Earlier this year, John Best joined the Ogden Trust as a consultant responsible for the East Coast Energy Internship programme. John has considerable experience in the energy sector and founded the membership organisation Energy in the East of England (EEEGR) in 2001. He served as the Chief Executive of EEEGR for 11 years.  

“I moved back into industry in 2012,” explains John. “But it was in helping to support the skills strand of my work with EEEGR that I became a STEM ambassador. More recently I was delighted to be invited to use my networking skills, strategic links and experience in business development to work with The Ogden Trust and key partners to deliver the pilot programme for the East Coast Energy Internship.”

Last week, the first two interns started their placements on this new programme.

Felicity Levett (19) and Joel Pointon (17), both students from Lowestoft Sixth Form College, are working at Galloper’s Offshore Construction Coordination Base in Lowestoft for a four-week period over the summer. They will each complete research and design projects related to the construction of the up to 336MW offshore wind farm. 

The East Coast Energy Internship is a brand new scheme established by The Royal Academy of Engineering, The Ogden Trust and Suffolk County Council in association with Waveney District Council. It is part of a wider scheme called The Lowestoft Engineering Project, which is providing STEM (Science, Technology, Engineering and Maths) opportunities to pupils at 12 primary schools, four high schools and two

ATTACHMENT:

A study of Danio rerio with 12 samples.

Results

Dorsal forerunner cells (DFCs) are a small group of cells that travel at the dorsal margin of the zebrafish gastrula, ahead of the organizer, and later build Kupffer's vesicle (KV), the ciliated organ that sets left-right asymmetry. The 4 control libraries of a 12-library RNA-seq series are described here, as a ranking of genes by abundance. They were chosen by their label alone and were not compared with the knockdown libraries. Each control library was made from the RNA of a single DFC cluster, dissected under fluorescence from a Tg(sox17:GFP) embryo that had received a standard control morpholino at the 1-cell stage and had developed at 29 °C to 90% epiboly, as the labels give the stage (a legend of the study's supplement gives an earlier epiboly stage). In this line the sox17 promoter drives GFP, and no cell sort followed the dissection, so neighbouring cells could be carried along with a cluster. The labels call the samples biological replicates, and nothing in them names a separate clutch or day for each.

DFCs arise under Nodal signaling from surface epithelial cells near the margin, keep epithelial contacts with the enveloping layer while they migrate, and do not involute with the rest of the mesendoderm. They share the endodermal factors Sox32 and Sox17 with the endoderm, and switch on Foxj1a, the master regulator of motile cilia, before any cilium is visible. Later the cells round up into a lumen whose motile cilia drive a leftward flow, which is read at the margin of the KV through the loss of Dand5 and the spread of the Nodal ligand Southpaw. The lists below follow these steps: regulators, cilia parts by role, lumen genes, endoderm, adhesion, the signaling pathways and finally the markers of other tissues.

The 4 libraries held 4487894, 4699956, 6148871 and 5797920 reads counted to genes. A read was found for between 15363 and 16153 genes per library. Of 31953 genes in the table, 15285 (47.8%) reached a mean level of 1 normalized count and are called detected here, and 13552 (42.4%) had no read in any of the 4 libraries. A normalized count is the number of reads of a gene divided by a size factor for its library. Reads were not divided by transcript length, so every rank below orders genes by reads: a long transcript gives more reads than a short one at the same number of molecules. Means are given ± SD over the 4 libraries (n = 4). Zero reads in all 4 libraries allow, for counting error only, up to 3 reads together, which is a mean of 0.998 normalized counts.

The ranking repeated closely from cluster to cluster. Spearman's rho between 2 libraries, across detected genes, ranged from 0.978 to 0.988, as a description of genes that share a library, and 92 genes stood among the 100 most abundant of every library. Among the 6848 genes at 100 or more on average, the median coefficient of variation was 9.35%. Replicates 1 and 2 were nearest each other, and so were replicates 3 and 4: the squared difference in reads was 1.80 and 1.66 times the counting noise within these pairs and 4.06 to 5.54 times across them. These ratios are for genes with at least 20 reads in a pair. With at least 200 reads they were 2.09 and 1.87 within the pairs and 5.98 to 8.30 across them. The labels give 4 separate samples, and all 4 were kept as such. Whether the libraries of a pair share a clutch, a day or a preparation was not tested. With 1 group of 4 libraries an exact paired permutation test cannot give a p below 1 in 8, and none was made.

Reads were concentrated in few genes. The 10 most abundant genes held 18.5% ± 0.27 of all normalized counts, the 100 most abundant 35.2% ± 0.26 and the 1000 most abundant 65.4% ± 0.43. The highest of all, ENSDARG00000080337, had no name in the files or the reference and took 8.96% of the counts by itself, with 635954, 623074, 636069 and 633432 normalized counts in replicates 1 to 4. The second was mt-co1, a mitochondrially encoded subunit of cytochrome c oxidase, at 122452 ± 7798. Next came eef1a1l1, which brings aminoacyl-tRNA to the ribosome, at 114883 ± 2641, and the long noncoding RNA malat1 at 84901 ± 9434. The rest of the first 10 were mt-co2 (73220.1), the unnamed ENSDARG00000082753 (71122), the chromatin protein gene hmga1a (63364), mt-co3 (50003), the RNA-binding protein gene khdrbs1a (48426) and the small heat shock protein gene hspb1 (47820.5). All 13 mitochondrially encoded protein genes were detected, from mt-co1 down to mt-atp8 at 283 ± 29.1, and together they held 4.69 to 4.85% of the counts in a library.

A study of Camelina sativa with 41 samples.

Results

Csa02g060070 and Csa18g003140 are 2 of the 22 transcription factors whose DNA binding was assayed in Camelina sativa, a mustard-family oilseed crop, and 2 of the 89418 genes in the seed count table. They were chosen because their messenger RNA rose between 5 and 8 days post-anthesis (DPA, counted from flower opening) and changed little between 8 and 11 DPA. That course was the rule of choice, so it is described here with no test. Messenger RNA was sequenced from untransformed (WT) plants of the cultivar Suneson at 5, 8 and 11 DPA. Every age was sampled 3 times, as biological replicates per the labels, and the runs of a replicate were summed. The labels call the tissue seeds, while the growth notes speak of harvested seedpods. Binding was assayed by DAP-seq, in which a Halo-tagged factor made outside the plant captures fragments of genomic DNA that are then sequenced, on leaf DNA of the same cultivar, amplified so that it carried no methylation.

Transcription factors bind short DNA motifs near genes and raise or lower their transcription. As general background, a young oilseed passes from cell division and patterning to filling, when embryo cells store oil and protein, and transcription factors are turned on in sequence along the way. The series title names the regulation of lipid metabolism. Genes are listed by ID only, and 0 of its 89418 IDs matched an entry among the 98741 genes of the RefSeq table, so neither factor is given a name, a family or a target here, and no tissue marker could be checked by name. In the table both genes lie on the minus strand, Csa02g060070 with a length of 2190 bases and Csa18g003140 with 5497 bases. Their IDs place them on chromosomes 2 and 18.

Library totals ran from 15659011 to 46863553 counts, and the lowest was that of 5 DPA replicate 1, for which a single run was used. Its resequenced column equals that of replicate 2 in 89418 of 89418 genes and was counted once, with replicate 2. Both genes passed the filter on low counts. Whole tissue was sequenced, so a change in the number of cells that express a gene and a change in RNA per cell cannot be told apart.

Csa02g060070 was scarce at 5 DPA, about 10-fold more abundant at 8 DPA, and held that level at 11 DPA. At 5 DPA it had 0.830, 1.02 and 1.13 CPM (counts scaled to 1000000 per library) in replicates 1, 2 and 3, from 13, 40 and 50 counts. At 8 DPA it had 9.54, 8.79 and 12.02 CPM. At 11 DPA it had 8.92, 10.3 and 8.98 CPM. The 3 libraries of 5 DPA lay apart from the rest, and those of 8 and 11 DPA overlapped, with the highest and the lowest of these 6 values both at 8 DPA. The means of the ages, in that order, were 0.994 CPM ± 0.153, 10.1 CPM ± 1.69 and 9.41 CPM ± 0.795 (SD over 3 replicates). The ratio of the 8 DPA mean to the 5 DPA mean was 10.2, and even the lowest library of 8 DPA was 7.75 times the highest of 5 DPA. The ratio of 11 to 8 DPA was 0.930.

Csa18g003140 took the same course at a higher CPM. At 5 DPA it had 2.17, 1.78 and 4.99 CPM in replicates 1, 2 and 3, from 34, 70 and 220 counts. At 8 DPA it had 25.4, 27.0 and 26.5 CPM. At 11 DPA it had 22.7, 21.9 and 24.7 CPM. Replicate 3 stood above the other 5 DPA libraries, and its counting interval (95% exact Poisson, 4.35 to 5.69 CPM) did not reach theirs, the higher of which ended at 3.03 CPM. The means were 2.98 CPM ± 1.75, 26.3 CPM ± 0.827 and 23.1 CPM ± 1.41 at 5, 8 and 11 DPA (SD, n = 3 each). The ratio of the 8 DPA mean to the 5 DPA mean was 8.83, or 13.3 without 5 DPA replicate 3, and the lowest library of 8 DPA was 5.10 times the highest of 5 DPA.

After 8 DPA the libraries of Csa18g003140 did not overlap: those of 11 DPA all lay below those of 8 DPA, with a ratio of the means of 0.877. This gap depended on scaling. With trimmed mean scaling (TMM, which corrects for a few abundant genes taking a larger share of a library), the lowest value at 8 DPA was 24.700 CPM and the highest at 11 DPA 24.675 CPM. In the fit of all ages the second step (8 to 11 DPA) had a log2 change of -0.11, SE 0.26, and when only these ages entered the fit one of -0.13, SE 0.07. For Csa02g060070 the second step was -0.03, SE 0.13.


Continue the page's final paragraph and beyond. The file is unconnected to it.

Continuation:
colleges in the town.

Plugging the gap between work experience and apprenticeships, the internship scheme is fully funded by the Ogden Trust and provides the students with a real and meaningful placement that utilises and enhances their STEM skills in a business environment. 

Peter Aldous, MP for Waveney, said: “This is a great opportunity for Felicity and Joel to get a true understanding of the sector and to make their mark on this vitally important project that will contribute to a secure supply of low carbon energy.

“The east coast is the natural place for a scheme like this to launch. The abundance of offshore wind activity here means great things for our economy and creates world-class training opportunities for our young people. It’s fantastic to see an initiative like this being trailblazed by Galloper in our region and it will hopefully set an example for other similar schemes in the future.”

Toby Edmonds, Galloper Wind Farm Project Director said: “Joel and Felicity are part of a group of five students from Lowestoft Sixth Form College, who are piloting the programme. The internships are being hosted by Galloper Wind Farm Limited and James Fisher and Sons, as well as other key players from the energy sector. It is a fantastic initiative, creating the potential for local young people to gain valuable work experience from across the industry, in this area. 

“I know the Galloper and James Fisher teams are very much looking forward to working with Felicity and Joel, and supporting their passion for science and technology.” 

The Galloper project is expected to create around 700 jobs created during construction and around 90 jobs once the wind farm is operational.

Intern Felicity, who has secured a place at the University of Keele to study Geoscience, says, “I’m really excited to be involved in a project of this scale and importance. I think it will be great to get hands-on experience of working from the Offshore Construction Coordination Base as part of a team but also learning more about how the build of the wind farm is coordinated from my hometown. I’m sure this will confirm my ambitions to work in science or engineering after university too.”